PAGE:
U.S. Sen. Jerry Moran, R-Kan., said Monday he would not support the GOP healthcare bill.
U.S. Sen. Jerry Moran, R-Kan., said Monday he would not support the GOP healthcare bill. AP

After Republican Sens. Mike Lee and Jerry Moran said Monday evening they would not vote to advance the GOP healthcare bill, Senate Majority Leader Mitch McConnell of Kentucky said he would abandon the effort to repeal and immediately replace Obamacare.

McConnell said in a statement Monday night that the two senators defections made it “apparent that the effort to repeal and immediately replace the failure of Obamacare will not be successful.”

Instead, McConnell endorsed an approach supported by President Donald Trump to repeal the Affordable Care Act without immediately replacing it with different health care legislation.

“In the coming days, the Senate will vote to take up the House bill,” McConnell said, adding that a majority of the Senate supported such a measure in 2015 in the form of “a repeal of Obamacare with a two-year delay to provide for a stable transition period to a patient-centered health care system that gives Americans access to quality, affordable care.”

Former President Barack Obama vetoed that bill at the time.

Lee, of Utah, and Moran, of Kansas, tweeted Monday that they could not support the Senate’s bill to repeal and replace Obamacare. Without their support, the bill would not receive enough votes to pass a procedural hurdle and reach the floor for debate.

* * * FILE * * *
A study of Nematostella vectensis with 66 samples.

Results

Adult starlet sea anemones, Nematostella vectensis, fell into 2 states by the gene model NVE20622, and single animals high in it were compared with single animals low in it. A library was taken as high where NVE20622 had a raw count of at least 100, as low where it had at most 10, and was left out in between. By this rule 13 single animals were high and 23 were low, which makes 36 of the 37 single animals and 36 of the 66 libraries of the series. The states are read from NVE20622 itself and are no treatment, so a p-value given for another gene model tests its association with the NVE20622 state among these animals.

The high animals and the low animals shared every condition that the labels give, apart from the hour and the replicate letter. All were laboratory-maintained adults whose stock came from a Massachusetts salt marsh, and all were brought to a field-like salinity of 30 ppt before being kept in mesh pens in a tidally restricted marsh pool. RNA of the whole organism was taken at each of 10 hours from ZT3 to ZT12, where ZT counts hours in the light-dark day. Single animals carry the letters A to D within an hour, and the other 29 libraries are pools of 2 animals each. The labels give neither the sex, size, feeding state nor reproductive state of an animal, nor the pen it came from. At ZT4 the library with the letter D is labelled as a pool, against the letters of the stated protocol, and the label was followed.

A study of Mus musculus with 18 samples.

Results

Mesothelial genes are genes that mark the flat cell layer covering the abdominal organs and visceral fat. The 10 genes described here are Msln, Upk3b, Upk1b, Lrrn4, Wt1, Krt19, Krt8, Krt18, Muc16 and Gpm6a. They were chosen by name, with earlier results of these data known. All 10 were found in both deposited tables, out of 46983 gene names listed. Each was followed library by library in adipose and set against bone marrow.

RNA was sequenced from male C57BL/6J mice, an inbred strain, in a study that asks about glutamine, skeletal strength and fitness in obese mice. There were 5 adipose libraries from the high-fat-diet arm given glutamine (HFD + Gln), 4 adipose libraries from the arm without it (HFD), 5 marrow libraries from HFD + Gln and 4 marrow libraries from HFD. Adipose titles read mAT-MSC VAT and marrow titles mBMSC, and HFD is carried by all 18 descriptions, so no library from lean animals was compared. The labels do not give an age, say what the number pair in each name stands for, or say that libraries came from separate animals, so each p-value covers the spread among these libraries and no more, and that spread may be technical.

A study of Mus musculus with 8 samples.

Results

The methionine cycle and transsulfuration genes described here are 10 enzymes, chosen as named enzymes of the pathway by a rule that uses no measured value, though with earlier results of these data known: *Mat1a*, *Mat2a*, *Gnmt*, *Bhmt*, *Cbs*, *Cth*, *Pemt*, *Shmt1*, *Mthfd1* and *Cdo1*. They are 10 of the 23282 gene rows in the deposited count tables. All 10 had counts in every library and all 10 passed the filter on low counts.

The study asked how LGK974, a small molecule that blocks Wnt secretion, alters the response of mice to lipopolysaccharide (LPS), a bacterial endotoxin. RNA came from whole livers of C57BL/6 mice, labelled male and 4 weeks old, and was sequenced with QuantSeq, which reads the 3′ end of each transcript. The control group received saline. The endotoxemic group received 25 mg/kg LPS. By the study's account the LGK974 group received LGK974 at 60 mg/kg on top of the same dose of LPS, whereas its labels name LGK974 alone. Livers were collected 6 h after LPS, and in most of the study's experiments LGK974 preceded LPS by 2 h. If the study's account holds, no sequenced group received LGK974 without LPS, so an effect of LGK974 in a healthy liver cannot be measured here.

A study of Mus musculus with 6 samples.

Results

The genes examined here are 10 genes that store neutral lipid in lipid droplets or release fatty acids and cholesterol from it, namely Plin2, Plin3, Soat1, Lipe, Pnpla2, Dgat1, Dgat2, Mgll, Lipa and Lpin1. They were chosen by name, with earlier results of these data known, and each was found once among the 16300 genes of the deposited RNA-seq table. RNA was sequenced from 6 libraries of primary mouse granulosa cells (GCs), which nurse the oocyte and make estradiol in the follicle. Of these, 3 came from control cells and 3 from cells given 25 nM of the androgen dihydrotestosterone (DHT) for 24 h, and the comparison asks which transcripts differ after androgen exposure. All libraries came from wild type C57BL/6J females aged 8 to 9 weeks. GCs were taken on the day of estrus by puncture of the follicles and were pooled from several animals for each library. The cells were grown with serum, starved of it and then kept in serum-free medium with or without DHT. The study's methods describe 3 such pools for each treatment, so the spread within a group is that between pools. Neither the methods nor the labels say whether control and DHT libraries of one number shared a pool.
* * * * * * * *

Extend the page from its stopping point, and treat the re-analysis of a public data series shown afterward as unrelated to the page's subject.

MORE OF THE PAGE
Moran said in a statement that the Better Care Reconciliation Act, or BCRA as the Republican bill was called, didn’t address what he said were the fundamental issues with Obamacare.

“We should not put our stamp of approval on bad policy,” Moran said. “We must now start fresh with an open legislative process to develop innovative solutions that provide greater personal choice, protections for pre-existing conditions, increased access and lower overall costs for Kansans.”

Sen. Majority Leader Mitch McConnell of Kentucky had announced over the weekend that the bill would be indefinitely delayed following news that Sen. John McCain, R-Ariz., would remain at home recovering from surgery to remove a blood clot. McConnell had expected to vote on it this week and needed McCain’s support.

Republicans needed at least 50 votes — Vice President Mike Pence would break a tie — to pass their repeal and replace effort. But senators were divided on the bill, with some saying it didn’t do enough to roll back Obama’s signature legislation, and others arguing it was too harsh and would kick their constituents off their current plans. Sens. Susan Collins of Maine and Rand Paul of Kentucky had already announced their opposition to the bill.

After its initial effort failed to garner enough votes, the House passed its repeal and replace effort in May. The Senate has also struggled to follow through on Republicans’ main campaign promise, with McConnell delaying a vote on the Senate version originally scheduled to take place before the July 4 congressional recess. Changes were made to that bill in attempt to get everyone in the party on board, but McConnell’s decision Monday demonstrated the difficulty the leader faced in getting the entire Republican caucus to back the same bill.